Warnings: The True Story of How Science Tamed the Weather by Mike Smith
My name is Kansas Mom and I'm terrified of tornadoes.
There, I admitted it!
I knew I had to read this book as soon as I saw it. Besides helping to develop my Kansan knowledge, I was hoping it would help allay my fears about tornadoes. I'm not really worried about the house or all our stuff -- that's why we have insurance. I'm worried about getting myself and all the kids into the storm shelter out back in time. (No basement here, so we installed a storm shelter. If we make it there, it's even safer than a basement.)
This book is not an objective history of meteorology. Mr. Smith is one of the pioneers of the field of warning the public of storms. He writes candidly of his own struggles, experiences and feelings. The other meteorologists are his heroes, mentors, colleagues and friends. His goal, of course, is to sing the praises of those who have sought to predict dangerous storms and develop a system for warning people so they can prepare and survive. He also writes often of his own work in the field, systems he invented, and his company (WeatherData, now part of AccuWeather).
Writing from personal experience, though, is no reason to discount this book. Mr. Smith makes the history of weather forecasting fascinating reading, without the antics of movies like Twister. He traces the development of meteorological knowledge and technology to create warnings that save people and property.
In the 1920s, the annual death rate from tornadoes in the U.S. was approximately three per million people. In the early 1950s, with the beginning of a tornado warning system, the rate was still 1.5 deaths per million people. In the last three years, 2006 through 2009, the death rate was down to .068 deaths per million, a decrease of more than 95%!Thank you! I'm tremendously glad to live in the time of warnings. I'm also glad we live close enough to a big city to warrant lots of storm chasers so the chance of a surprise tornado is extremely remote. (You'd never catch me chasing a storm!)
Mr. White spends quite a bit of time discussing some recent weather tragedies that made national news: Hurricane Andrew, Katrina and Greensburg.(Do you remember Greensburg? I do, but I live in Kansas. See the devastation of the 2007 tornado in Greensburg here. Then check out the city's site on their reinvention as a "green" community here.) In his view, meteorologists successfully and wonderfully saved lives but the storms were followed by governmental disasters (Andrew and Katrina, not Greensburg). He seemed to make sense to me, but I don't follow stories like that too often.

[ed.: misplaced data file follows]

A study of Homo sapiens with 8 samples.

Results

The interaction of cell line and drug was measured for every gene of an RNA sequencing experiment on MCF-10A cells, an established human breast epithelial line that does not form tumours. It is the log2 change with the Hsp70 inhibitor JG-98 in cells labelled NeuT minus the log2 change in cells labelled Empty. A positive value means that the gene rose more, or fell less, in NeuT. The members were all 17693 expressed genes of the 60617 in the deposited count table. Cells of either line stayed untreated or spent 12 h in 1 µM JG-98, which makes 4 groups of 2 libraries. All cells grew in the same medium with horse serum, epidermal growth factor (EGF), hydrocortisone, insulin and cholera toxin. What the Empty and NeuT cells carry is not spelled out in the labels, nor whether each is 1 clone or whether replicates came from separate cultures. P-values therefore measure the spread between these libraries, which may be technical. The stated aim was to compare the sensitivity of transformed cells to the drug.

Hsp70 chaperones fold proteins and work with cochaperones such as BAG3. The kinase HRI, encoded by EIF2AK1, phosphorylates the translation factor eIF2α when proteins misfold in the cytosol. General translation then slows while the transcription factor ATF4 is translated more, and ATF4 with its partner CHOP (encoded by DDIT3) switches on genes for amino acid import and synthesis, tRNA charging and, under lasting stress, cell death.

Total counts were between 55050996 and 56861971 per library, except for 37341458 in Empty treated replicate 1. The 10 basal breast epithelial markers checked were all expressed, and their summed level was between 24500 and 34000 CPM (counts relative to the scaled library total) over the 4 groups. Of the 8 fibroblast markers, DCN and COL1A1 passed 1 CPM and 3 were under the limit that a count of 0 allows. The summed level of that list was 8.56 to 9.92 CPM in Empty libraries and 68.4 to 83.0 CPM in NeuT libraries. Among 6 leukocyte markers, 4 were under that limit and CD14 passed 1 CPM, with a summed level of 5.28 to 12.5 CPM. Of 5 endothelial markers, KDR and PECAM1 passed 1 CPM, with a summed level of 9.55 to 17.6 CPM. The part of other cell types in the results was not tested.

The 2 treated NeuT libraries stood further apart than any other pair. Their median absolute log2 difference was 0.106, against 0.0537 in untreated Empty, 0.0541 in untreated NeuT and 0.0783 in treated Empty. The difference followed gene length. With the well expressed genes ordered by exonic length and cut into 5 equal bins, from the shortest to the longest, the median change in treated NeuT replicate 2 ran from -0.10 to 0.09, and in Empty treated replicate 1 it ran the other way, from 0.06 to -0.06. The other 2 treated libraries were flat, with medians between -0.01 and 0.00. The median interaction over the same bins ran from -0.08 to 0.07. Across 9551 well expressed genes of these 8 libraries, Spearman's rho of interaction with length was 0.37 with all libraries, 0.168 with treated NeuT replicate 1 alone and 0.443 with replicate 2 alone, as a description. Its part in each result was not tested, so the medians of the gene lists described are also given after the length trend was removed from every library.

The question you're all asking yourselves is, "Does Kansas Mom feel safer after reading this book?" The answer is complicated. The first part of the book, where he recounts tragedies of tornadoes before the warning system, was distressing. It's hard for me to forget stories like that. Also, despite all the progress made in forecasting and tracking dangerous storms, even Mr. Smith admits some are missed. I have a feeling these are typically the first tornado in a series and often where there are very low population rates so therefore no one out watching a storm, but he doesn't really elaborate on the point. He also admits there are still too many false alarms -- tornado watches when no tornadoes appear. I suppose it's better to be under a watch so we can be prepared, but it's stressful to hear the alarm go off and then think about dangerous storms all night long.
Objectively, I should feel better. I know I should. I'm just not sure I do. I think we need a few more tornado drills. I think the next time the weather alarm goes off, we'll make a run for it and I'll try to time us to see how long it takes. (Last time it took us three and a half minutes, but I was kind of ready for it myself.) We have our alarm set to go off whenever there is a tornado watch (meaning conditions are right), so it doesn't mean there's a tornado. A warning is issued when they believe there is an actual tornado. We have one a little like this one which allows us to avoid the loud warnings for thunderstorm watches and warnings but keep them for the tornado watches and warnings.
I did not receive anything in return for this objective review. I read a library copy of the book.